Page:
Determination of platinum group metals using nickel sulfide (NiS) fire assay


Fire assaying is an age-old technique which uses intense heat and dry reagents called fluxes to extract precious metals for its ores. Nowadays, lead fire assay and nickel sulfide fire assay are widely applied as separation and pre-concentration procedures for gold and the platinum-group elements before instrumental determination. For the analysis of all platinum group elements (PGE) in geological samples, the best method for sample decomposition and precious metals extraction is nickel sulfide fire assay, since it is capable of collecting all PGE (Pt, Pd, Rh, Ir, Ru). The advantages of this technique are firstly large amounts of sample can be taken for fusion which is necessary because of low levels of PGE content in real samples. Secondly, sampling errors arising from the nugget effect of these elements can be overcome due to large sample size. However, since the process is time consuming and involves a lot of steps, care must be taken to avoid any losses during the whole process. In this regard, we have tried to develop a NiS fire assay method for extraction of PGEs in ultrabasic rocks and chromite ores where a good recovery of PGEs was obtained.


The test portion was mixed with the fluxing agent in an appropriate proportion and melted at 1,100 ℃. After fusion, the melt was poured into a cast iron mould and allowed to cool to room temperature. The nickel sulfide button was hammered out of the slag. The NiS button was transferred into a beaker, about 300 ml of HCl (37% v/v) was added, the flask covered with a watch glass, placed on a hot plate and heated gently below the boiling point until the button had disintegrated. Gold and the PGE sulfides remained undissolved. The solution was taken off the hot plate and diluted with about 150 ml of water. For better recovery, Te co-precipitation was used and the precipitate was filtered. The precipitate obtained was dissolved in aqua regia. Platinum group elements were determined directly by ICP-OES. A whole procedure blank was prepared in the same way. For this study, we have taken two reference samples namely, AMIS 0354 (ultrabasic rock) and OREAS 684 (chromite ore).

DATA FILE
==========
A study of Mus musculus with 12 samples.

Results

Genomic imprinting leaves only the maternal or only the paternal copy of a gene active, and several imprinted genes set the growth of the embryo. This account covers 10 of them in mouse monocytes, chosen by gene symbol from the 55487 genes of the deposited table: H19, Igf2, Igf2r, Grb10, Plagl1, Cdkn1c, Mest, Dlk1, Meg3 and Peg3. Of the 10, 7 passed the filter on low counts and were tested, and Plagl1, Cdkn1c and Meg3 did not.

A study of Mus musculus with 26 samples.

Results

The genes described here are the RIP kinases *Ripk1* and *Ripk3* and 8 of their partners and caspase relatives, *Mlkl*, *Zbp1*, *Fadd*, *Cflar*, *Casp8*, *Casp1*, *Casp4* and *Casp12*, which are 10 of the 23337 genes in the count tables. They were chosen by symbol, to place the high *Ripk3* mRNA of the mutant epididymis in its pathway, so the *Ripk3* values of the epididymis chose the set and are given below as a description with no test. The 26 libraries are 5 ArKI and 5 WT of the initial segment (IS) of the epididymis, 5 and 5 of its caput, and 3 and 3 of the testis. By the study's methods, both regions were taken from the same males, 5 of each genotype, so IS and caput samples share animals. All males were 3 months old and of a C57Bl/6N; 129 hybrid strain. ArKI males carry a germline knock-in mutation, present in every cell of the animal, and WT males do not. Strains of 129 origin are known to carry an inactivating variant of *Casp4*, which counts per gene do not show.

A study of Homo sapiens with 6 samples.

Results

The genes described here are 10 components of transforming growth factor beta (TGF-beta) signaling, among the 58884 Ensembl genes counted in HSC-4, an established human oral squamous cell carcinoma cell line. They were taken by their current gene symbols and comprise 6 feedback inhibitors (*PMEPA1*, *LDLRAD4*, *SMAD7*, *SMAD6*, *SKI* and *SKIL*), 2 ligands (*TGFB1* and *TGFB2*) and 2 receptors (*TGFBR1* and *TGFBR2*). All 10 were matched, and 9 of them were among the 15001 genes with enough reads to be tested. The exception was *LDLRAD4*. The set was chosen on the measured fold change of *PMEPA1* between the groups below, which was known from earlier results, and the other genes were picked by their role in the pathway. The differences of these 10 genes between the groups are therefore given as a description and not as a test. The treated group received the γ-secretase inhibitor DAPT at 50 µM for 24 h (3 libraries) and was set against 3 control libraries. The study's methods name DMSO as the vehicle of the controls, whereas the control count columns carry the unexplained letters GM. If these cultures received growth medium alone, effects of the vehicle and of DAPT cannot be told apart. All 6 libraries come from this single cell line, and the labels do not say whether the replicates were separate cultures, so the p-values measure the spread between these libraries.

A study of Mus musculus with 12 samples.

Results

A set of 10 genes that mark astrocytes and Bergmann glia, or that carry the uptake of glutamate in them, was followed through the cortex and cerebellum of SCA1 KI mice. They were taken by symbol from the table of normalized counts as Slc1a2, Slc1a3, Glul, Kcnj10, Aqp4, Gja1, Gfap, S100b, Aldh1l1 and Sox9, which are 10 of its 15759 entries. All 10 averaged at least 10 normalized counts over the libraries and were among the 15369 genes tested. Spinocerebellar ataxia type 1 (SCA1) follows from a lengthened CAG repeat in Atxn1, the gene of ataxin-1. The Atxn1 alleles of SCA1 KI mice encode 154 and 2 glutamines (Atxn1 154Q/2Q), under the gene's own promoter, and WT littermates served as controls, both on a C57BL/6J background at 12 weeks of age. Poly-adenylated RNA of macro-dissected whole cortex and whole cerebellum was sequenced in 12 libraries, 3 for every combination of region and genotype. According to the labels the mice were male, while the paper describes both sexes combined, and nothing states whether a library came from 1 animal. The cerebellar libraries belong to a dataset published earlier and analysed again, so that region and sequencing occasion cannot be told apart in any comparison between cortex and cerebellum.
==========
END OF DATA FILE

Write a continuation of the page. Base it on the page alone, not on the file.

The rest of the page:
Results and discussions:

In order to obtain a good recovery of the PGEs, to decrease the turnaround time (as it is a time consuming process) and also to minimize the losses of the metals we have undertaken some precautions and rectifications. Firstly, the nickel sulphide button was carefully crushed into small pieces as large size button made dissolution difficult and time consuming. Secondly, tellurium co-precipitation led to better recovery as large volume of precipitate was obtained compared to PGE sulphide residue alone making loss during filtration less likely. Thirdly, no slag recovery led to lower results. The table below gives the PGE results obtained for two reference materials and the corresponding recovery of the PGEs. Some discrepancy in the iridium values were obtained due to high reagent blank value arising from the nickel oxide used.

Table 1: PGE values obtained for two reference samples

Certified reference material PGEs


Certified values (mg/kg) Obtained values (mg/kg)


% Recovery


AMIS 0354 Pt 2.19 1.98 90.4
  Pd 1.33 1.20 90.2
  Rh 0.25 0.22 88
  Ir 0.08 0.40
  Ru 0.39 0.35 89.7
OREAS 684 Pt 3.80 3.50 92.1
  Pd 1.72 1.56 90.7
  Rh 0.28 0.25 89.3
  Ir 0.10 0.50
  Ru 0.55 0.49 89.1

From the above table it is evident that the results obtained are in good agreement to the certified values and the method developed can be applied for determination of platinum group metals provided the blank values of the PGEs are kept to a minimum (by taking less nickel oxide without affecting the recovery of the metals) and the necessary precautions, as discussed, are undertaken.


In conclusion, a NiS fire assay procedure has been developed to determine the platinum group metals namely palladium, platinum, rhodium, ruthenium and iridium and the procedure appears to produce a recovery of ~ 88-92%. Loss of the precious metals probably occurs largely during the NiS fusion (if slag recovery is not done after first fusion) and during the dissolution process (if the NiS buckle is crushed). Tellurium co-precipitation was found to increase the metal recovery significantly. Iridium recovery is not consistent owing to very high iridium content in blank and very low concentration of iridium in the samples. Further optimization of the method is underway to lower losses at every stage and to improve the recovery of the metals.

Contributed by Dr. Satirtha Sengupta and Dr. Arijit Goswami under the guidance of Prof. Barun K. Gupta.